5 Reasons Innovation Fails
Innovation is a risky business. There’s no guarantees whenever trying something new, particularly if you’re trying to do something that has never been done before. However, history teaches us that we must adapt or die. So don’t be a business dodo. Read our ‘5 Reasons Innovation Fails’ and sustain business success into the future.
1) Inactively pursuing innovation
Once upon a time, BlackBerry was the producer of the world’s first widely adopted smartphone brand. At its peak, BlackBerry owned over 50% of the US and 20% of the global smartphone market, selling over 50 million devices a year. One day, a new smartphone with a touchscreen, the Apple iPhone, was released.
BlackBerry’s leadership initially dismissed Apple’s touchscreen iPhone, insisting that users preferred their physical keyboard. But the iPhone sold well. Really well! BlackBerry hastily released a touchscreen device (BlackBerry Storm), which didn’t work well and was met with some unpleasant reviews. BlackBerry then attempted to reintroduced its keyboard in a combo touchscreen-keyboard setup (e.g., BlackBerry Bold), which momentarily stemmed the tide, but eventually proved misguided as the market continued moving toward larger screen real-estate.
Slow market reactions by BlackBerry and a lack of internal incentives to continually innovate ultimately led to BlackBerry’s demise and the rise of Apple. It’s a reminder that innovation doesn’t happen by accident. Those businesses that stand the test of time are constantly and actively pursuing innovation, with structure and with process.
2) The wrong leadership and company culture
Leadership and company culture go hand in hand. Successful innovation requires its leaders to create a culture of innovation in order to change the business and sustain the creative production of new products, services and process development.
Leadership and management are also needed to develop strategies which get buy-in at every level of the business. To get all your people working towards the same company vision and goals, one must clearly communicate them with your employees and empower them to be part of the change process. Change is hard and often takes more effort than to follow the status quo, as demonstrated by the Blackberry example – so it’s integral to rally the troops, get people excited and get everyone making decisions which help the company achieve well-defined visions and goals.
3) Lack of research
Our Innovation Champion (aka. Researcher) is constantly banging on about the importance of research – and she’s not wrong. Misunderstanding your market is one of the main (and worst) reasons leading to innovation failure, because it’s completely avoidable.
When fielding new ideas, you need to constantly ask:
- What problem am I solving?
- Is this really a problem that needs solving?
- Is there any market data that supports the answers to the previous questions?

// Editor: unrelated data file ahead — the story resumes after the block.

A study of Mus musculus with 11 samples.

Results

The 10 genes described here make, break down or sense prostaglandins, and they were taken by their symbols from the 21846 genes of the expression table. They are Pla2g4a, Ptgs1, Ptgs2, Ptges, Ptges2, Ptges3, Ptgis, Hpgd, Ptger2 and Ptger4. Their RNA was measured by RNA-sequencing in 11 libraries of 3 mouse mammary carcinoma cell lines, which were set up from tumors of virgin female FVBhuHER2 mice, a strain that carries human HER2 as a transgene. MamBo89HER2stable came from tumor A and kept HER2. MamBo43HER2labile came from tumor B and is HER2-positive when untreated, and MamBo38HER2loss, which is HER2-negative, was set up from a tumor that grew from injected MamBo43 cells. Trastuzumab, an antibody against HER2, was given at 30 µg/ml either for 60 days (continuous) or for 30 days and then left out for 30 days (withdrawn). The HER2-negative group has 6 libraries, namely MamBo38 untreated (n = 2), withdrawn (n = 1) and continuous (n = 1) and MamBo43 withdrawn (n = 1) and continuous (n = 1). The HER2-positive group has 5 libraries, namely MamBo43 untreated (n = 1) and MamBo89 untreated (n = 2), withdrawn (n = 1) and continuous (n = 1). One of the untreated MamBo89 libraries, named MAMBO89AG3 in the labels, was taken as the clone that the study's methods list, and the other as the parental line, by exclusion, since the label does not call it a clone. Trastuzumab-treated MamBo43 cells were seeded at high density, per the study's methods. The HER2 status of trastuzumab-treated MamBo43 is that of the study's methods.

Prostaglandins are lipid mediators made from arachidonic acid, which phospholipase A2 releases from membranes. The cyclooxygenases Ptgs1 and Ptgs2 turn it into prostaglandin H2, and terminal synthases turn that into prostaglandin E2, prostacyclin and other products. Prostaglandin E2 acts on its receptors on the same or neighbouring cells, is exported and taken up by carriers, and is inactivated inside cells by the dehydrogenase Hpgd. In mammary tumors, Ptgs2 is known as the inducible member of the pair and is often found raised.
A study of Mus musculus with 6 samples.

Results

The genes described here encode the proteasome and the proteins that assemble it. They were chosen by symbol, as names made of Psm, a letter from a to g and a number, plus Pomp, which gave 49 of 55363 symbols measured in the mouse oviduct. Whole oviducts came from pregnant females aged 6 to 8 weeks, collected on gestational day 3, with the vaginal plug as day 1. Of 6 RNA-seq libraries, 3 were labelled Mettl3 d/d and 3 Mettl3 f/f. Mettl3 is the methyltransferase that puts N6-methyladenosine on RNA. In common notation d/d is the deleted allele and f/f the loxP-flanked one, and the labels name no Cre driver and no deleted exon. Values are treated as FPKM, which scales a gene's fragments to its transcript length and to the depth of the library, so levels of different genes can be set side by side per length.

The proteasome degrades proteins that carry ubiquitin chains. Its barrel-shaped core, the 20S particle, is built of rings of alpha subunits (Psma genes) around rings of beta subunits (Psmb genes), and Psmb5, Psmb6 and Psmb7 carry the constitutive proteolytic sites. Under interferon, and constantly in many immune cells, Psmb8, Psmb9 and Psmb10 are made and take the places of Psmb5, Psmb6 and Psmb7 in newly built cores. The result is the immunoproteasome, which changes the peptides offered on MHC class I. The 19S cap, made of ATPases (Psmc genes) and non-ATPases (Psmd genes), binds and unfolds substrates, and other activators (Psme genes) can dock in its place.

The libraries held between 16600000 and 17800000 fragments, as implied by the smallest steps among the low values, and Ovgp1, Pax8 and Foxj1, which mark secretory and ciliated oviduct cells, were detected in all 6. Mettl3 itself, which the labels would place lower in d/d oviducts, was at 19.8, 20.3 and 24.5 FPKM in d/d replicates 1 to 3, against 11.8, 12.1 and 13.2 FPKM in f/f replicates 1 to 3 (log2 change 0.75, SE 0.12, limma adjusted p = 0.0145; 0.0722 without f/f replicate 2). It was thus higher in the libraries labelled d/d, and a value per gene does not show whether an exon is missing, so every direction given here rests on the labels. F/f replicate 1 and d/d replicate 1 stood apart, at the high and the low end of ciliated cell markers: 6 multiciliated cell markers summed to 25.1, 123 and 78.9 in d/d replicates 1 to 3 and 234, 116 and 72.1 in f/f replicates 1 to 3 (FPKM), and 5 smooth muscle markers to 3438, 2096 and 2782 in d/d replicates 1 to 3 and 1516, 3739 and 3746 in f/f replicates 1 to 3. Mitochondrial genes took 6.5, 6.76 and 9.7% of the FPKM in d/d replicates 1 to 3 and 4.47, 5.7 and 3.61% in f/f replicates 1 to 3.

- Is anyone else doing this and who are my closest competitors?
- Does the intended customer like my solution?
- Can my solution be profitable?
Even after you come up with an innovative idea which meets all the right criteria, it’s still important to keep rechecking your assumptions by testing the idea and the market, to ensure you capture and account for any changes and market shifts. This is particularly important now with innovation and change increasing in pace – what’s new now won’t necessarily be new tomorrow – keep scanning that horizon!
4) Recognising short-term and long-term innovation
Innovation takes time, people and money, therefore, not all innovative ideas can be taken forward straight away. For small-to-medium sized enterprises which don’t have the monumental budget nor the research and development capacity of Apple, innovation must be strategically prioritised and planned for.
Ideas that can be turned around pretty quickly and with little budget can be seen as ‘quick fixes’, and as long as these create value for the customer then they are great in the short-term. After all, these incremental innovations are fundamental to staying competitive and adaptable.
However, the danger of simply focusing on short-term innovation does leave businesses vulnerable in the long-term. As soon as market disruption strikes, it may be too late to adapt and the business runs the risk of becoming obsolete. The video streaming sector is a prime example of this, with the likes of Amazon, Netflix and NowTV having wiped out the once popular movie rental chain Blockbuster, and later Lovefilm.
Having a long-term innovation pipeline is key to maintaining long-term business success. It’s wise to make an innovation timeline, plan to budget for long-term innovations (which require more resources) and take advantage of new and disruptive technologies once they become affordable for your size of business.
5) Not tracking or measuring business innovation
Once you have an innovation plan, it’s easier to track and measure performance. Investing in research and development is a cost to the business, so it makes sense to ensure you are meeting the deadlines on your innovation timeline and calculating the commercial profitably of the innovation. For example:
- If you have changed a process, what are the efficiency savings for the business?
- If you have created a new product or service, what are the projected sales figures?
There may be other outputs of innovation, such as increased customer satisfaction and loyalty or improving employee retention rates, and it’s important to capture those key performance indicators. Likewise, it’s important to identify when an innovation hasn’t been successful in order to reflect and learn from that experience.
Now you know the five innovation fails to avoid – go forth into the future, adapt and innovate!